The plastic pollution of our oceans is one of the biggest environmental issues of our time. If the trend of plastic pollution in the oceans continues as business as usual, by 2050 there might be more plastics in the oceans than fish. One of the biggest contributions to plastic pollution of the oceans are ghost nets that are floating through the oceans, entangling and killing wildlife. A little less obvious are microscopic plastic particles that are either entering the ocean directly or being degraded from larger plastics.
What are microplastics?
Microplastics refer to any type of plastic that is smaller than 5mm in diameter. They are found in many hygiene products such as hand soaps and face cleansers (primary microplastics). By using these products the microscopic plastic fragments often escape treatment screens of wastewater plants and enter the ocean. Also, larger plastic fragments in the ocean slowly degrade into smaller pieces due to changing environmental conditions such as sunlight, heat, wind and waves posing a threat for marine life (so called secondary microplastics).
Microplastics can be found in every type of marine system, from sandy beaches and surface waters to deep sea sediment. It is estimated that up to 51 trillion microplastics are currently floating around the ocean, which equals 236,000 tonnes. Little is known about microplastics and their impacts on marine and human health yet. However, what is known about the impact of microplastics is quite scary.
Why are microplastics so harmful to marine life?
The fine plastic particles are being accumulated by filter feeders such as oysters and ingested by other marine animals such as seabirds, dolphins, crabs and fish. Concerns of the health effects of microplastics are growing. It has been shown that nanoplastics can even penetrate fish’s brains and result in abnormal behavior, reduces their ability to hunt, delayed growth and reduced food intake.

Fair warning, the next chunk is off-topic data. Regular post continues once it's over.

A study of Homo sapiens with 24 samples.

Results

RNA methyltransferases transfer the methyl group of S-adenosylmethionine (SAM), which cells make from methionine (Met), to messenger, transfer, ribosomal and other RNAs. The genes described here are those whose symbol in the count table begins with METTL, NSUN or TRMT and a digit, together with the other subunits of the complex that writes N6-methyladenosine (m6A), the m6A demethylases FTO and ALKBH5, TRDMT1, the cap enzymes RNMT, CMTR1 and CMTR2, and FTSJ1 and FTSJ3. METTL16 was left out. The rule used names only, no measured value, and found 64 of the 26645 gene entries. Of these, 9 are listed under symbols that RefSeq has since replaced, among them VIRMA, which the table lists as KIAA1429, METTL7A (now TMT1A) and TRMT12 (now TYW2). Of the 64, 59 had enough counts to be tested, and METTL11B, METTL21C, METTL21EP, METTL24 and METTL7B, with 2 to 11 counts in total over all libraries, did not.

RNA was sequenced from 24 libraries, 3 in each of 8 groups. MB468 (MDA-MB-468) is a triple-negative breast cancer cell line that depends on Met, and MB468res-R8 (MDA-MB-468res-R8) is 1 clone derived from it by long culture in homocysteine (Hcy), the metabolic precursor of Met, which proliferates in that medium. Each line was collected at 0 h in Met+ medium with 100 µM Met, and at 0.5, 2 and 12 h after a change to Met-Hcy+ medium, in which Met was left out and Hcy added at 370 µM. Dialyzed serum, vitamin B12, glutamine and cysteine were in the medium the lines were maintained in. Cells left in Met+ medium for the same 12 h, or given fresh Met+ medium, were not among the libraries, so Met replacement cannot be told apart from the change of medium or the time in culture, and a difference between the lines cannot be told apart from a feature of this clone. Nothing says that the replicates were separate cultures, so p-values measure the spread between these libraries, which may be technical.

Unfortunately, especially eating shellfish might pose a serious threat to human health as well. It has been shown that when eating a portion of mussels, up to 90 plastic particles are consumed with it.
But, what about ghost gear and microplastics?
The scary truth is, we do not know how much ghost gear contributes to the microplastic problem of our oceans. Little to no research has been done to determine the contribution of ghost nets to smaller plastic particles. However, it is safe to assume that ghost gear adds up to the microplastic problem in a huge way. Ghost gear is floating in the oceans for up to 600 years killing marine life if not being collected. During this time it breaks down into smaller and smaller pieces and eventually end up as microplastic particles in the marine food chain and therefore, on our plate. Small particles of fishing ropes have been found in crabs and scampi, however, the urgency for further research on this topic cannot be stressed enough.